CMA: Energy price cap for prepayment meter customers may increase

The competition watchdog intends to adjust the methodology used to calculate its prepayment price cap ‘in order to better reflect costs’

Customers on prepayment meters, often used by vulnerable customers, could see an increase on their energy bills, according to the Competition and Markets Authority (CMA).

It has announced its provisional decision to adjust the methodology used to calculate its prepayment price cap – which was introduced in 2017 – “in order to better reflect costs”.

The prepayment charge restriction (PCR), expected to reduce customer bills by £300 a year, was a temporary measure intended to remain in place until the end of 2020, by which time the CMA had expected the rollout of smart meters to be completed.

However, the competition watchdog’s review found the conditions of competition in the prepayment sector have not improved since the introduction of the PCR and the rollout of smart meters has not progressed in line with the initial projections.

It has, therefore, made a provisional recommendation to Ofgem to extend the cap of £1,242 a year for prepayment customers beyond 2020 because of the delayed rollout of smart meters.

The CMA’s review also found the PCR is underestimating the costs incurred since its design and introduction, including an increase in smart metering costs – and is therefore updating its calculation of the price cap which could increase prices for customers.

It stated: “Some of the costs that an efficient supplier is expected to bear in supplying prepayment customers have increased to a level materially higher than that reflected in the PCR methodology.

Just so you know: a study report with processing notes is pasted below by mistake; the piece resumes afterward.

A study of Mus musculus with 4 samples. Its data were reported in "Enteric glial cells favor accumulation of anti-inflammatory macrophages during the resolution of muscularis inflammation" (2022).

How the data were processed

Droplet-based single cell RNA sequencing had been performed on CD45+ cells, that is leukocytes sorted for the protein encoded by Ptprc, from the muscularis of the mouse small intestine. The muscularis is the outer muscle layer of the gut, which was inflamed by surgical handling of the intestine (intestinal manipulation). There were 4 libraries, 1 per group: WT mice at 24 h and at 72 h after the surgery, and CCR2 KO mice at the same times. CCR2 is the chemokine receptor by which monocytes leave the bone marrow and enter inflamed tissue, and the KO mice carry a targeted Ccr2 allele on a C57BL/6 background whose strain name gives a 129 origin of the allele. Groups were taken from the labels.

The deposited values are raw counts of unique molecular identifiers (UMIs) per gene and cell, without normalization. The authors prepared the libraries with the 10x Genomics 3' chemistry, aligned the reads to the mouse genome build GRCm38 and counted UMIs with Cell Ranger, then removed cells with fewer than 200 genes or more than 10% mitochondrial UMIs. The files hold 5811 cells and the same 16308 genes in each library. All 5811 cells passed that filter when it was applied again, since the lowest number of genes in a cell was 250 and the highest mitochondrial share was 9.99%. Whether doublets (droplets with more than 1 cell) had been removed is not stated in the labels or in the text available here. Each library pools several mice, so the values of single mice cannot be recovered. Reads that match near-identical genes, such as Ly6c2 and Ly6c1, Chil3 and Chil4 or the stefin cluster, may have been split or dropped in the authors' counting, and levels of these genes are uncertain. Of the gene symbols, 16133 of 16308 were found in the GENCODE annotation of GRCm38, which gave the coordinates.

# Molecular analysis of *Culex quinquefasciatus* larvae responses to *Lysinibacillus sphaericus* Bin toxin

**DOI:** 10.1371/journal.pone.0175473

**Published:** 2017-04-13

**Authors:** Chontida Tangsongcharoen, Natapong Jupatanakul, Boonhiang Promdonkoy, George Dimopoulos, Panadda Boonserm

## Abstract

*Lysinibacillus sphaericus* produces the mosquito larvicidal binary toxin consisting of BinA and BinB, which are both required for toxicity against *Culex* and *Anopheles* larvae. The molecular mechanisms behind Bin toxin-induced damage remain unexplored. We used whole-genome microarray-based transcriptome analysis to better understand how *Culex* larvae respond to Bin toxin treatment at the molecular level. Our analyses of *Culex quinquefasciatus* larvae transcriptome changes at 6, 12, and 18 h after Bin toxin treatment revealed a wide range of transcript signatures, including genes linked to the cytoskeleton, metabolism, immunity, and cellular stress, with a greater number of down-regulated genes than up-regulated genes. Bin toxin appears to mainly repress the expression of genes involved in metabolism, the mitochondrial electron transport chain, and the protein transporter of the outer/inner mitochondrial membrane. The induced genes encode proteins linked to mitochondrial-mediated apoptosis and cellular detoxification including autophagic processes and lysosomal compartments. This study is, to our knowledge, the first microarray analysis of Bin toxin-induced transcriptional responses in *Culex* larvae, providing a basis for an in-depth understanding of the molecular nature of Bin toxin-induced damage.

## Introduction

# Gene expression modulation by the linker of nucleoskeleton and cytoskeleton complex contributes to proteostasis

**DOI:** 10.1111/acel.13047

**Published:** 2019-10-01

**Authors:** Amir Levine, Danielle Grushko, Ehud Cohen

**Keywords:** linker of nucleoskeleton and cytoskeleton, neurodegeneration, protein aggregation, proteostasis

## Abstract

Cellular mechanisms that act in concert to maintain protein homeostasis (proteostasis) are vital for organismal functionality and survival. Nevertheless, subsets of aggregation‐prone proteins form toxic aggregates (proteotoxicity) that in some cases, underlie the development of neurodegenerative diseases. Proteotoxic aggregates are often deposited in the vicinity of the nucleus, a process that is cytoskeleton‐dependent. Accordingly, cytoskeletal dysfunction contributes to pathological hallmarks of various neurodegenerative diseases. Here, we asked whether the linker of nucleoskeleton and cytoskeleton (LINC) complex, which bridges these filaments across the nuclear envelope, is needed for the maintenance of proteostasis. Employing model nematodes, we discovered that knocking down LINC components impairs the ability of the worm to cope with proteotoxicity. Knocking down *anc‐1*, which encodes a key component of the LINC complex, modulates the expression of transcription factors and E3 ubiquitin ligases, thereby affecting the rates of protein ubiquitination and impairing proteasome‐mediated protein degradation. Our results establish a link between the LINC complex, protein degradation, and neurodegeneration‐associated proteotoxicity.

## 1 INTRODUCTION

“As a result of the change of circumstance relating to policy and pass-through smart metering costs, our provisional conclusion is that the PCR is no longer effective in meeting all of its aims, due to underestimating the costs incurred by efficient suppliers.

“While we consider the PCR has been meeting its principal aim of mitigating consumer detriment, we note that, where the PCR was set too low, this would present the risk that suppliers reduce service levels to prepayment customers, competition is materially reduced, and suppliers may be forced to exit the market. Taken together, we consider that this means that the Order is no longer appropriate and needs to be varied.”

The competition watchdog is now consulting on the provisional decision until 8th July 2019.

Ofgem welcomed the CMA’s decision to change the price cap methodology, which it believes “seeks to better reflect the true cost of providing energy to customers on prepayment meters”.

A spokesperson added: “This ensure the market offers choice and protection to prepayment customers both now and in the future. Under the default and prepayment meter price caps, households are protected and will always pay a fair price for their energy and not be overcharged.

“If approved, the new prepayment meter cap level methodology will be reflected in the next cap period coming into effect in October, which Ofgem will announce in August. Alongside the price caps, we are continuing to work with government and the industry to deliver a more competitive, fairer, greener and smarter energy market that works for all consumers.”